Free-Revving Six


SCOOP MOTORNET with Karl Ferguson
Images by Neil Mackenzie - onlinefotos.com/neil



My lasting impression of the 1-Series was ‘great car, wonder what it will do when it gets more power?’ Up until now, my pick of the 1-Series range would have been the 120d. Surfing the midrange torque curve was addictive and delightful. But it still lacked serious grunt. Not so the 130i Sport.



This is no ordinary looking 1-Series either. A moderately aggressive M-style body kit has been added along with a sporting mesh grille and sublime looking low profile wheels, topped off by stylish chrome twin tailpipes, all of which helps ensure your 130i isn’t mistaken for a lowly 118i. The styling of the 1-Series is not to everyone’s taste, but few will deny that this particular iteration packs a punch in the looks department.

It helps too when you’re enjoying yourself on the twisty bits. Slower drivers can’t help but notice there is something special in the rearview when they spot the macho-ed up front-end, thus getting out of your way at the earliest opportunity. The chassis dynamics are excellent and the combination of rear-wheel drive, 50:50 weight distribution, and the might of the straight six ensure a very rewarding drive indeed. The steering is both responsive and well weighted, and the car is immensely taut, tackling corners with gusto in typical BMW fashion. Likewise, the aforementioned electronic aids are quick (some might say too quick) to help you out of any potential mess.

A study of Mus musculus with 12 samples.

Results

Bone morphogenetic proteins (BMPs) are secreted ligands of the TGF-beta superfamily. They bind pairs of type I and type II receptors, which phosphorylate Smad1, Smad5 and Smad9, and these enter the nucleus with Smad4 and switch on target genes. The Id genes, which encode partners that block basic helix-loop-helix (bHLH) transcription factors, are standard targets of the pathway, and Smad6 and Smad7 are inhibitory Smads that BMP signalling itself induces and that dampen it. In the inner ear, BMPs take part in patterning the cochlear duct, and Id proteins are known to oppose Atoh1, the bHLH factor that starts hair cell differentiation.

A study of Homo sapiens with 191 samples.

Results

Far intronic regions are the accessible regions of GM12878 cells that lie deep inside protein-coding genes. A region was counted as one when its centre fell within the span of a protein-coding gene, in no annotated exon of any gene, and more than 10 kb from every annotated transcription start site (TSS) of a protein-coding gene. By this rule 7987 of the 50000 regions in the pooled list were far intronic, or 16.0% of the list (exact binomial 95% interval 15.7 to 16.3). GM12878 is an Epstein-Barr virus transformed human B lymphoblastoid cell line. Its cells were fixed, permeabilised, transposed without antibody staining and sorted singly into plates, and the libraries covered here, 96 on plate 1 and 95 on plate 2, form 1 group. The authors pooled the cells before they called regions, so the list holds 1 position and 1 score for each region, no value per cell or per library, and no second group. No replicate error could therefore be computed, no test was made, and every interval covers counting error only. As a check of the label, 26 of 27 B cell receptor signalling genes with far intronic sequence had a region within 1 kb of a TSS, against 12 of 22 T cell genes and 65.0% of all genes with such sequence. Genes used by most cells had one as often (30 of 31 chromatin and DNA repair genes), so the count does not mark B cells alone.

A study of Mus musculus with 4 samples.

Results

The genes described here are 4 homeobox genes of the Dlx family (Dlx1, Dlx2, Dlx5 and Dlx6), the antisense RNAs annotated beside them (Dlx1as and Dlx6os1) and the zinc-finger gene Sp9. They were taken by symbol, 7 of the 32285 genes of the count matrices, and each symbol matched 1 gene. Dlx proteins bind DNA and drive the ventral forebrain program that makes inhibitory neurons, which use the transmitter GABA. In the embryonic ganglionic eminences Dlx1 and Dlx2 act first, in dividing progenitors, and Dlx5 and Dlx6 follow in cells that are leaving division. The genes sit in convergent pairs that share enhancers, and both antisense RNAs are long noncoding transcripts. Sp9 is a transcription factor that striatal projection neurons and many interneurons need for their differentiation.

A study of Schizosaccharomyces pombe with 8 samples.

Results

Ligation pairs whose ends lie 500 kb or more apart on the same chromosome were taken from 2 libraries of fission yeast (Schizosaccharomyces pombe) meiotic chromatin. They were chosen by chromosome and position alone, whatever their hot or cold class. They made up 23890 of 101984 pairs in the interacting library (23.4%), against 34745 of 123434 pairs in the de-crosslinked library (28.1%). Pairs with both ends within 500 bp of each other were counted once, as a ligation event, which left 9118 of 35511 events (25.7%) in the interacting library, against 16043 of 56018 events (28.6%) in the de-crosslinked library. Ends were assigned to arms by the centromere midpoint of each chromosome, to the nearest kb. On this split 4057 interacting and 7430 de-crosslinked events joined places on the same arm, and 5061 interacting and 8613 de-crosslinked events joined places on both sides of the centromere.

Verdict? If you want a supremely capable, fast, balanced and drivable hatchback, and you definitely want a BMW, then the 120d or the 120i will come up trumps time after time. But if you’re addicted to the throaty sound of a straight six BMW at peak revs, then you won’t be able to go past the 130i. Ride issues aside, some might even think of it as a bargain.